When we got together with my cousin and her friend from Arizona recently, they were passing through Milwaukee bound for Door County. It had been several years since we'd seen one another. She caught us up on some of her world travels and we shared our visit to the Leelanau with family. All kinds of memories opened up as we talked, and I began to call up images of a variety of houses and yards and young cousins and long-departed elders and siblings. I'd seen my cousin more frequently in our youth, when both sides of my family largely resided in my hometown. My mother's parents had lived across the street from us, and her three brothers had raised their families, cousins abounding, within readily walkable blocks on the south side of the city. My father's father, his mother long departed, spent his remaining years across town from us and his sister's family lived for a long while closer to our neighborhood before moving across state. I had a good sense of whom I was descended from and who I was related to as I grew up.


Those of us in my generation eventually dispersed rather widely, and later our children did as well, to Wisconsin, Florida, and California. My wife's siblings still gather annually, as best they can—there have been losses among them as well and Covid complicated things, particularly this summer—and we've often hoped to get our children and grandchildren all in one place for a spell. When we got home from that Leelanau reunion this year, I noticed a photograph in our living room that evoked one of our earliest gatherings.


In summer 2007, we'd rented a house on the Door Peninsula, and the photo opposite my easy chair shows three of our grandchildren and two of their grandparents ostensibly reading from Sleepy Time Tales, a book I don't really remember. The picture always amuses me since our oldest granddaughter and her brother and their grandmother, holding the book, are all looking at the camera, the youngest child, their cousin, is gazing away from everything, and only Grandpa is intent on continuing to read the story aloud, completely ignored. The grandchildren's ages are likely four, two, and not-quite-one at that time. Both families will each add a daughter in a few years time.


Since we've just spent a week with those three and two more grandchildren on the Leelanau Peninsula across Lake Michigan, I can't help being aware of the passage of time and the changes those kids have undergone. The granddaughter in the photo will soon start her sophomore year in college, the boys will be a junior and a sophomore in high school, and their younger sisters will be in junior high; incidentally, their grandparents' hair is now considerably lighter in color. I'm tempted to try to replicate the photo, in the way I've seen people on Facebook display decades of family growth by annually staging photographs of family or friends in the exact same poses in the exact same locations. I'm aware of the likely differences in our version. Our grandkids would sit in the same positions on the couch, the co-ed to the left, the boys still in the middle; Grandma possibly needing to perch on the nearest boy's lap. The younger granddaughters would kneel or squat before them all. Since both of the boys are now very much teller than Grandpa, he would be entirely hidden behind them, except possibly for a glimpse of his shirt—fifteen years later he still wears that same one each summer.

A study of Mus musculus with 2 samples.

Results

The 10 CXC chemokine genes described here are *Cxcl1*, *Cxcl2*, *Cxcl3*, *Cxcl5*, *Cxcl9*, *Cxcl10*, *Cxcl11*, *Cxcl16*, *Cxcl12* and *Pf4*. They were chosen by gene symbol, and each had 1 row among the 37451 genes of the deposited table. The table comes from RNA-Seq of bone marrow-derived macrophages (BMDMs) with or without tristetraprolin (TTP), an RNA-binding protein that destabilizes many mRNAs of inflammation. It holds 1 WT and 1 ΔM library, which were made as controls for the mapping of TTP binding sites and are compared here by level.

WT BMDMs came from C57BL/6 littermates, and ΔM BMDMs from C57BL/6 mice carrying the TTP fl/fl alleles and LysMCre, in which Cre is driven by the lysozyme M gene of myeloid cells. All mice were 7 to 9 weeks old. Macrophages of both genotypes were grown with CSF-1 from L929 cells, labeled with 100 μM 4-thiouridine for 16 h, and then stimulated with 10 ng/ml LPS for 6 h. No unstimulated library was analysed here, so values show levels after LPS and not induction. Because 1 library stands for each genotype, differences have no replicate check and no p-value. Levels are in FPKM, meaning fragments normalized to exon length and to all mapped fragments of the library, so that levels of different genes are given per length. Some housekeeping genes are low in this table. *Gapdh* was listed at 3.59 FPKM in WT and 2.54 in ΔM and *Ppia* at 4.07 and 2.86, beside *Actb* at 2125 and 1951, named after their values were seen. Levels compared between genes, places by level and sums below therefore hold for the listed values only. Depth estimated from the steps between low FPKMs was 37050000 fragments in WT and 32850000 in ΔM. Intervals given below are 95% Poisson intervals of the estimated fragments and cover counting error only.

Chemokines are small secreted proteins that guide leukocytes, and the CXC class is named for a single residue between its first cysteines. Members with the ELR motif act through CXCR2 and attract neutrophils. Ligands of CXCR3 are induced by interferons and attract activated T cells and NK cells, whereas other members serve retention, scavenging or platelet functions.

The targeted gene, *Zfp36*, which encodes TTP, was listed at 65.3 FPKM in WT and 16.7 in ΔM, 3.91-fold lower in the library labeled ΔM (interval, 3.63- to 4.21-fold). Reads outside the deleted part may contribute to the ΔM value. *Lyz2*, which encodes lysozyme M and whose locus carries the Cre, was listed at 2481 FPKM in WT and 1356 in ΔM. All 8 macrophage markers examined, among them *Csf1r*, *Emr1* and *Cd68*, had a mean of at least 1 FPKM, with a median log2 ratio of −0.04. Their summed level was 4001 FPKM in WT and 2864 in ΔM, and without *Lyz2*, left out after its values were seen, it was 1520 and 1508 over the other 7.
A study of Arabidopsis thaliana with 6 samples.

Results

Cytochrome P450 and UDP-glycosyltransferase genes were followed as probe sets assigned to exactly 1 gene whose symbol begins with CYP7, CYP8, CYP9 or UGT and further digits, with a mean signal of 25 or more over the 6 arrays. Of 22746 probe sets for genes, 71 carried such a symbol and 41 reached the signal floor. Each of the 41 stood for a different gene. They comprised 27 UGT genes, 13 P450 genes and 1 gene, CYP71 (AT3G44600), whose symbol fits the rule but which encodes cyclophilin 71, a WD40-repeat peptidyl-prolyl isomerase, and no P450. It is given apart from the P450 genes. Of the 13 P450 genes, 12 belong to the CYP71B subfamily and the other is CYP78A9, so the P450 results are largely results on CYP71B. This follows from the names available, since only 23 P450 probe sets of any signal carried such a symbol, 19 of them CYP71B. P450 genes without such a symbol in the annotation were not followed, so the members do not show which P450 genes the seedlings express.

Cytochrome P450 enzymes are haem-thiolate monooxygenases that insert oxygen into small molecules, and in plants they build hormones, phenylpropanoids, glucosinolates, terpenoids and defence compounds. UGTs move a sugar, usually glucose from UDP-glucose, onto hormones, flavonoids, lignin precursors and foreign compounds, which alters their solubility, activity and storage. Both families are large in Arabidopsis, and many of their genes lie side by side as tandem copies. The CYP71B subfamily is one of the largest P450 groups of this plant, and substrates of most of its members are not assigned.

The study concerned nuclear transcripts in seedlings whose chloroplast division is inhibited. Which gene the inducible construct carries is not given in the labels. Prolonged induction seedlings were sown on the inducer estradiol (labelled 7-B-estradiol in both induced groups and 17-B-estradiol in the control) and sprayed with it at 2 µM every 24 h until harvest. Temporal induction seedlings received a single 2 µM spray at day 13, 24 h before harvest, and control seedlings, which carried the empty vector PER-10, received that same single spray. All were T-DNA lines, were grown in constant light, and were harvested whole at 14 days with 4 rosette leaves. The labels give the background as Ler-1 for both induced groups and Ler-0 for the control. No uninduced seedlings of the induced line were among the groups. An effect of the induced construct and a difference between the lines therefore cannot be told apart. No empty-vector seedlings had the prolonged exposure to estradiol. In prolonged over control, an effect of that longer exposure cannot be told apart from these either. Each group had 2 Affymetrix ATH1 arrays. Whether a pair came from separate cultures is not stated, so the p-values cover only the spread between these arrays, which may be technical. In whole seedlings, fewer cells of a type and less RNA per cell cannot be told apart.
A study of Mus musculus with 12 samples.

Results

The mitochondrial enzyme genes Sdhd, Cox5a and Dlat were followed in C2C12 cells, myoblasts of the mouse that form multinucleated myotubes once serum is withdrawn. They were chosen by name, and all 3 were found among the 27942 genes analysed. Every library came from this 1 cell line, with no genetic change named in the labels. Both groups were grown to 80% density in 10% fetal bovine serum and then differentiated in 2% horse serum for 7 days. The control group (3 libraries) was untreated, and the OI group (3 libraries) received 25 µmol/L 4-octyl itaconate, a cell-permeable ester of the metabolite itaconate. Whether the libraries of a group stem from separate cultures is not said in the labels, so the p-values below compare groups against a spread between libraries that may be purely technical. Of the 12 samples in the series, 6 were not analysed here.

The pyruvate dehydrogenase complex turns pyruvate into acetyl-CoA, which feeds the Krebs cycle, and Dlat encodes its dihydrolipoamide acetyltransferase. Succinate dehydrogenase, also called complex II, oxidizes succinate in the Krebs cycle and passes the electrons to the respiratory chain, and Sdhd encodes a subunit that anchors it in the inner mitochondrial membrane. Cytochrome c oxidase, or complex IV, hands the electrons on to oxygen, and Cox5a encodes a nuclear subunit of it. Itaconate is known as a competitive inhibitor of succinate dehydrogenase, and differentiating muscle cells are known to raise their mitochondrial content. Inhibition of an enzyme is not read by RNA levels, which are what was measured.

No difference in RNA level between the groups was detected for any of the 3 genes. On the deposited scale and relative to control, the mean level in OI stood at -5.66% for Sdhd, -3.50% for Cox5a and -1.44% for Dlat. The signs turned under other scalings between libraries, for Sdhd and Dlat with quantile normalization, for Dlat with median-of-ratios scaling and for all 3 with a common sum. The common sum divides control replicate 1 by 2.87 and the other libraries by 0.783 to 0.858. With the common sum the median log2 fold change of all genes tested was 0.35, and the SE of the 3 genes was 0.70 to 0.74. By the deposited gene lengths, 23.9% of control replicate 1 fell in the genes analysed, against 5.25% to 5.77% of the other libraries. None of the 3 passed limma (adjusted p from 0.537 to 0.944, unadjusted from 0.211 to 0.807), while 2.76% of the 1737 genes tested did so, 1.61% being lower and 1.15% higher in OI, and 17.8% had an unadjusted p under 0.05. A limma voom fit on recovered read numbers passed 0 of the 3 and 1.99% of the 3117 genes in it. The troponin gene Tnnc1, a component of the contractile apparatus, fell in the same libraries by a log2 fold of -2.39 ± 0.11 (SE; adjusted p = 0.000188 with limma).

The Leelanau family reunion is not certain to be repeated next summer, so the recreation of that first picture is in doubt. Luckily, a few weeks ago, one of our daughters photographed all of our grandchildren on one of the Cathead Bay trails in Leelanau State Park, deep in the woods. The three from the first photo stand behind the younger girls to the rear, the oldest granddaughter still to the left, the grandsons' positions switched so that her brother is deepest in and the youngest one (with glasses) is furthest on the right, while his sister is furthest to the left in the foreground, and the youngest granddaughter is most to the front, her siblings directly behind her. Knowing something of their energies and interests—they dance and play sports and read online—I won't try to read to them this trip.


We have many photos of their younger years around our house. It's always rewarding to relive moments we've shared with them. It's always stirring to recognize how much they've grown when we gaze at recent pictures. I'm content to stay here with them in the present. I'm in no hurry to see images of them in the future but certainly hope to have many chances to view them.